Many businesses claim that their company is committed to protecting the environment. Promises like these after all, are easy enough to make. Keeping them, however, is another story. Sometimes, some of these so-called "green businesses" are only concerned with gaining public points by projecting this eco-friendly image. On closer inspection, you might discover practices that are contrary to "concern" for the environment. So how do we know if a business' commitment to the environment is real? One of the things we can do is by checking company premises. And this is where LEED Certification comes in.
What is LEED?
For those who are not familiar with LEED, it stands for Leadership in Energy and Environmental Design. It was developed in 1993 by the U.S. Green Building Council (USGBC). According to wikipedia:
"LEED is intended to provide building owners and operators a concise framework for identifying and implementing practical and measurable green building design, construction, operations and maintenance solutions."
LEED's ratings exist for many different categories. These include new construction, existing buildings, schools, commercial interiors, core and shell, retail spaces, homes, healthcare facilities and neighborhood development. This rating system has not only been applied to buildings in the United States but also to other countries all over the world.
Good image is not the only fringe benefit of having a LEED-certified building. There are other advantages of green building practices that make it more appealing than the traditional way of construction. Here are some of them:
Lower Operating Costs
Since green building is all about sustainability, then it is built to last longer than traditionally constructed buildings. Measures for efficient use of energy and other renewable sources of energy also help in lowering daily operating costs.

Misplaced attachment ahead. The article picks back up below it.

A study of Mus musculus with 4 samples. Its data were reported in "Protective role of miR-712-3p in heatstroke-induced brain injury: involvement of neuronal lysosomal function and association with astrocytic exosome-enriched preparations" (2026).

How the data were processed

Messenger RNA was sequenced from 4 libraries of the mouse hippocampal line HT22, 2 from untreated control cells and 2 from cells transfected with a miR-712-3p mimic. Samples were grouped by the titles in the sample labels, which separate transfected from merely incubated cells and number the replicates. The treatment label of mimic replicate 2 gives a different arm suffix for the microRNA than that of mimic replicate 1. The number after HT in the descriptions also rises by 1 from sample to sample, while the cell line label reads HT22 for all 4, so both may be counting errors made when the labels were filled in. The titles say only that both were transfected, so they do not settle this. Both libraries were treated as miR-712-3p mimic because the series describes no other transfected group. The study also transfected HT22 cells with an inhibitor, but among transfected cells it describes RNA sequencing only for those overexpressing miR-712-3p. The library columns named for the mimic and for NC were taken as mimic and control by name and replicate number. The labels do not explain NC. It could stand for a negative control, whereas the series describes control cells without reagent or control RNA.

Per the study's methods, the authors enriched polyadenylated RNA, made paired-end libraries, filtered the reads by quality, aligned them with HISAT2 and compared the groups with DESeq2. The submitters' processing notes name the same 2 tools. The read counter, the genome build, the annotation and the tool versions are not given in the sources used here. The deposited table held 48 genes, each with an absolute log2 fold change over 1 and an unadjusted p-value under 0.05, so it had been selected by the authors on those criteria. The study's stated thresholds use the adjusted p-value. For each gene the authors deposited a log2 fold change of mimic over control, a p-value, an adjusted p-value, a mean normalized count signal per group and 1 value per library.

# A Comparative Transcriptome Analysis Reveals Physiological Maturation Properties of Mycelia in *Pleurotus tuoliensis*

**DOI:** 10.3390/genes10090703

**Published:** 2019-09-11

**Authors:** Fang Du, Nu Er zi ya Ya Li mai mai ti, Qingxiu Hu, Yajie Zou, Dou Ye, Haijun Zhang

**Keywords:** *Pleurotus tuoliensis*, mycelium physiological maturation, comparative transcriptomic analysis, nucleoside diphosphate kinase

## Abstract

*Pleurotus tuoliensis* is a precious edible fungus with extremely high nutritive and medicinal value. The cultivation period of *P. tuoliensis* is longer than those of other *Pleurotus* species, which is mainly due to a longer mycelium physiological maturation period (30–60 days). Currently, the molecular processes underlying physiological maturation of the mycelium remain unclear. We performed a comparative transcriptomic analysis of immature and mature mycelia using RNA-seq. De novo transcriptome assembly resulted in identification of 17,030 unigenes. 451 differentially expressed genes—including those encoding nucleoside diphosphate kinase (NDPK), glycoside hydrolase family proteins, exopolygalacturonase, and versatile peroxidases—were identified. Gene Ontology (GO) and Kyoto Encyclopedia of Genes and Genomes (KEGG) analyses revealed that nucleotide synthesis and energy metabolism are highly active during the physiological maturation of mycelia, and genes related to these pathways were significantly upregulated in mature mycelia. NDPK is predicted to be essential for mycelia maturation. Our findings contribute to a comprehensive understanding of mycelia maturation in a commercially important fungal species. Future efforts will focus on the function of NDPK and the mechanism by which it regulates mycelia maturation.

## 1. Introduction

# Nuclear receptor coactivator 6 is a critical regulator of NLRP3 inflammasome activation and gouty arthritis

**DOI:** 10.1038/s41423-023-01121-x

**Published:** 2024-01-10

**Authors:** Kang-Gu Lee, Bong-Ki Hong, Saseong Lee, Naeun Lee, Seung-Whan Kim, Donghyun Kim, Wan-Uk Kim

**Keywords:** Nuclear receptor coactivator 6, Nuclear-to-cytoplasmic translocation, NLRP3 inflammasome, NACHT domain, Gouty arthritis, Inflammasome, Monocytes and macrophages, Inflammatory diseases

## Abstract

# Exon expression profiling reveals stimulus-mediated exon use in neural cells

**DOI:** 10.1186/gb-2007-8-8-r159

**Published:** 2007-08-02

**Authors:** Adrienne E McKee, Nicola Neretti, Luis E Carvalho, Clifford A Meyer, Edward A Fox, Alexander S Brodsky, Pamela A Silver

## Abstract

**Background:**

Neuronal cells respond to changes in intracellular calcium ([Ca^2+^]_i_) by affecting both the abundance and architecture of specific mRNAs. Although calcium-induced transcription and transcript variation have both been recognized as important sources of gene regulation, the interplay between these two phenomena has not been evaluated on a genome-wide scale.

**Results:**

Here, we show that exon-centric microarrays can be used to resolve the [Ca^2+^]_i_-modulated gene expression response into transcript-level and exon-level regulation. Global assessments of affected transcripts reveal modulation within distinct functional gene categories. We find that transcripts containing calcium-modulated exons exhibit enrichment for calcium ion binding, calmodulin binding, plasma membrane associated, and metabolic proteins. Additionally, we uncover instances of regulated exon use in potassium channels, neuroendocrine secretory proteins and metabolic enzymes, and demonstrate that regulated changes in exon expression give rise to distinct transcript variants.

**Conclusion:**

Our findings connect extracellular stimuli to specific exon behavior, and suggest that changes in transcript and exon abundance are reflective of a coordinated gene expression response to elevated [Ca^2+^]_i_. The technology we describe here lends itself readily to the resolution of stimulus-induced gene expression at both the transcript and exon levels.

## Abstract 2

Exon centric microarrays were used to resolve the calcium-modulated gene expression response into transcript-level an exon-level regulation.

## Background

Higher Asset Value
Whether it is for residential or commercial use, LEED certified buildings retain their high resale value because they also include sustainable design components. Prospective buyers know that utility and maintenance costs are definitely lower in green buildings compared to non-green buildings. That knowledge itself adds value to the building. Sustainable office buildings also boasts of higher occupancy levels and low vacancy rates.
Conservation of Water and Energy
Green buildings help conserve water by recycling rainwater as well as greywater and directing it to urinal flow and irrigation purposes. This way, potable water can be preserved and earn you significant water savings. Green buildings are designed in way that promotes the efficient use of energy and this includes using renewable sources. The conservation of water and energy would mean lower utility bills for you.
Healthier and Safer Environment for Occupants
Remember the higher asset value of green buildings? One of the reasons for this is that it is a whole lot safer and healthier for the occupants to either work or live there. The high indoor environment quality also contributes to improved health for employees, which means less absences and improvement in productivity.
Reduced Greenhouse Gas Emissions
Electricity generated by fossil fuels release harmful pollutants that will further aggravate global warming and climate change. Green buildings are engineered in a way that will make the most of renewable energy like solar energy and techniques like daylighting so that energy efficiency will be increased and harmful emissions reduced.
If you want to show your commitment to the environment and embrace social responsibility, having a LEED-certified building or home is the way to go. You can consult commercial construction contractors that support LEED principles to help you out. If you still need a little more convincing, LEED-certified buildings can qualify for tax rebates as well as zoning allowances. Some countries even offer extra incentives to encourage more green buildings.